Editta Sherman


Life[edit]

Sherman was born in Philadelphia, Pennsylvania, the oldest of eight children born to Nunzio and Pierna Rinaldo, immigrants who moved to the United States from Italy in 1910. Her father operated a photography studio in New Jersey where she learned the art at a young age. Editta was married in 1935 to Harold Sherman, a sound engineer and inventor, as well as her business partner. He died at the age of 50 years old, after suffering blindness and diabetes, leaving Editta with five young children to bring up as a single mother. She and her husband were instrumental in raising charity funds for the American Theatre Wing during World War II by volunteering to take portraits of Hollywood stars to aid in the American war effort.

Sherman was a muse of Andy Warhol who filmed her with filmmaker Paul Morrissey in the 1970s. She also appeared in the Abel Ferrara film Ms. 45 in 1981. She was a model as well as photographer and was photographed by Francesco Scavullo and symbolized aging gracefully at age 60 years old in his book "On Beauty" in the 1970s. A decade-long collaboration with her longtime friend and neighbor, William J. Cunningham, a New York Times fashion photographer, resulted in the Fashion Institute of Technology/Penguin Books 1978 publication of their book Facades, visually detailing 200 years of fashion and New York City architecture. In November 1967 Kodak Films sponsored a solo exhibit of Editta's celebrity portraits in a three-week public show at Grand Central Terminal in Manhattan.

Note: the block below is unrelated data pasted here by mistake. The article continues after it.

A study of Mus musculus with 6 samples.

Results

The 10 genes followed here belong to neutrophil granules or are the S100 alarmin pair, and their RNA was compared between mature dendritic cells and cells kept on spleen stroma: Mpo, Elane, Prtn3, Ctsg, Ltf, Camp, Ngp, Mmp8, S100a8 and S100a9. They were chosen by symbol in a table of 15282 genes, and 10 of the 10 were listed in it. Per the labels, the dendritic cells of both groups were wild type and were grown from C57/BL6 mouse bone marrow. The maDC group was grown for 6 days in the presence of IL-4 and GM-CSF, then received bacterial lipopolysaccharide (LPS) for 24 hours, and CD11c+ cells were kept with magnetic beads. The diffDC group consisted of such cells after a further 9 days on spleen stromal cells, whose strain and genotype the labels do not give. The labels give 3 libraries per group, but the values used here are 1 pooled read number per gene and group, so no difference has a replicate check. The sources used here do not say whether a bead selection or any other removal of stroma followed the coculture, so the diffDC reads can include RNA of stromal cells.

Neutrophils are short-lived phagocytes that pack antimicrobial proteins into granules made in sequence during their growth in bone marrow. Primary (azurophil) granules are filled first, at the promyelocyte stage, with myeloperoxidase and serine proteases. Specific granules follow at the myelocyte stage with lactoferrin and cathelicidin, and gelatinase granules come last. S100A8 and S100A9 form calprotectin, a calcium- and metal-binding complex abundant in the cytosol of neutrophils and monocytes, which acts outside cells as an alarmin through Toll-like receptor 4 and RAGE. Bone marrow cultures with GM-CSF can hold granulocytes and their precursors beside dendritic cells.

Sherman lived in Carnegie Hall until July 2010, and continued to work there until September 2010, having become an icon for renter's rights and affordable housing for the elderly in fighting eviction against the City of New York, the current owner of Carnegie Hall. All former residents have now relocated, and The Carnegie Hall Corporation plans to demolish the commercial and residential studios — which in their 1950s Bohemian heyday numbered as many as 170 — to create educational and rehearsal space for the hall. The $200 million project is to be completed in 2014.[2]

In a 2010 interview on "The Nate Berkus" show, Sherman said she wanted to live to be 100. She died at 101.

References[edit]

  1. ^ McFadden, Robert D. (November 5, 2013). "Editta Sherman, Celebrity Portraitist and Doyenne of Carnegie Hall Studios, Dies at 101". The New York Times. 
  2. ^ Gregory, Chris (July 9, 2012). "The Duchess of Carnegie Hall Turns 100". The New York Times. Retrieved February 5, 2013.